Unwording, from developer Frostwood Interactive, is a narrative puzzle game about undoing negative thought patterns. You play as Tom, a man living in a muted sketched world. Waking up begins your journey through a universe word puzzles and burgeoning colors. It’s the first step on the road to recovery.
The world that Tom inhabits is a hand-drawn, 2D world. The colors are a variety of white, muted greys, and purples. It’s pleasant, and the art style is cute. The simple lines allow focus on the story and Tom’s internal narrative. When you wake up, the first puzzle is introduced. The word puzzles in Unwording are simple and easy to execute. The idea is to change a neutral phrase to reflect Tom’s internal intrusive and negative thinking. For example, the first puzzle changes the phrase “Wake Up” to “Give Up.”
To change the phrases, you manipulate letter blocks and place them in the empty squares below the original phrase. Each block has a letter on each side and must be turned on the vertical and horizontal axis to create the correct word. When you are right, the letter turns white. It’s straightforward, even on higher difficulty settings, and highlights that the puzzles aren’t really the point of Unwording; Tom’s story is.
Unwording Is All About The Life of Tom
You play over three days in Tom’s life. He moves from his apartment to work and back again, never interacting with anyone and believing he has no worth. At the end of the first day, a small yellow bird appears and has made its nest on his windowsill. The bird then becomes an instigator in Tom’s recovery. The next day, it flies around his apartment, pooping on his bed and phone. Also, everything is now 3D and has slightly more color in it.
I understand the heavy-handed symbolism here. It isn’t particularly subtle. Over the three days, as Tom turns his negative thoughts into more positive ones, color seeps into the world, and he does more things. He begins to cook instead of ordering takeout, does laundry, stops doom-scrolling on his phone, and begins talking to his co-workers.
Once Tom starts turning things around inwardly, the third day consists of a new mechanic, which I have dubbed “Which random word will make the thing I know needs to happen actually happen?”
My favorite mechanic.
On the third day, everything is in technicolor. You can now type in a word to complete an action when you interact with people and objects. Which word will it be? Will it make sense, like interacting with the radio and typing play, on, off, music, or dance?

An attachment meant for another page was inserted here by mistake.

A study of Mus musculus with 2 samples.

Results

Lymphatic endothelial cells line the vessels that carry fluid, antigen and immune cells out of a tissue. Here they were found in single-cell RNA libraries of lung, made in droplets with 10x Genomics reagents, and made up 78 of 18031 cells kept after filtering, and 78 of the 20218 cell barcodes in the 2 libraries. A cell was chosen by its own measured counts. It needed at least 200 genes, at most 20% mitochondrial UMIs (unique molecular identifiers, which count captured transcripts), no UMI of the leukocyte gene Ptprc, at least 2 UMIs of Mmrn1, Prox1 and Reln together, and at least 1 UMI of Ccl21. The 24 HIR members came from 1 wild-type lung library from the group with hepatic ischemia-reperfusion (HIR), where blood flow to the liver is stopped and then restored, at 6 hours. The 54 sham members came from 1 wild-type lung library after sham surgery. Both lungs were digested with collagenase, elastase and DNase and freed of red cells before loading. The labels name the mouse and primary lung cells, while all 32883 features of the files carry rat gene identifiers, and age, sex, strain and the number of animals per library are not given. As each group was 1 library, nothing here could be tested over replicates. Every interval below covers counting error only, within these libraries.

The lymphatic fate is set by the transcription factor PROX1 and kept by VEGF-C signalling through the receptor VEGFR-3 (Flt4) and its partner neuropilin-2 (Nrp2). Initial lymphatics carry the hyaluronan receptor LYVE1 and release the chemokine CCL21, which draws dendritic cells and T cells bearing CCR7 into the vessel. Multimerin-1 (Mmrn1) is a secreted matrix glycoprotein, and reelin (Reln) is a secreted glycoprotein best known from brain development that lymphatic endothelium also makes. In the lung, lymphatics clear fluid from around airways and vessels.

No. None of these things will work. Instead, I had to type “Do.” This made Tom move the radio to the open window.
Before this, I had to figure out what exactly Tom was trying to do. Clearly, he wanted to sit in front of the window and stare at everyone. So we made tea by typing the word “Make.
We had made food, not by typing “Cook” or “Food” or “Make” at the stove, but by typing “Food” at the refrigerator. Then the tea and food were set on the windowsill next to the bird’s nest.
Then the desk chair was moved in front of the window when I typed “Sit.” Nope, nothing changed. I tried sitting in the chair. I typed “Look” and “Watch” at the window. Tom did as instructed, but nothing happened. I walked around the apartment before finally noticing I could interact with the radio. Then the saga of “Do” happened. Typing in “Do” solves so many puzzles. Alas.
Where It All Falls Apart
When the style switches from 2D to 3D, it also becomes challenging to navigate. It’s not like Tom goes to many different places, but the places he does go to all have obstacles and depth perception issues that make it wonky to walk around in. Perspectives and camera placement are also frequently janky. For example, when talking to a co-worker, the camera would focus intently on the back of either Tom’s or his co-worker’s head, their hair filling the field of view.
There was also a point on the second day where after Tom got up and the bird was crapping upon his possessions with reckless abandon, I left the apartment and ended up in a black void of nothing. I initially thought this was part of the game. It would fit the narrative. Wandering around a black, empty void alone made sense, given the focus on mental health.
It was not part of the story. I wandered around for a long time, disappearing into the distance and gradually returning. Finally, I stopped, wondering if this was part of the game. Tom began to shake and lose form. Ok, this could still be part of the game. Nope. It was a bug. I reloaded and realized I shouldn’t have been able to leave the apartment because I could no longer.
The experience of Unwording is only around an hour and a half to two hours long. It feels longer. As someone who struggles with severe mental health issues, and has done for 20 years, I applaud the message behind Unwording. It promotes CBT (cognitive behavioral therapy) techniques, encourages changing your perspective, and offers access to resources in its main menu.
However, as a game, it is lacking. I understand that the message is the point. However, I do wonder if it might not have been more effective as an animated short film. The puzzling aspect of the game is minimal, and the animation and stylizing of the game are far more interesting. As a narrative, Unwording is fantastic. But, as a game, it’s lacking.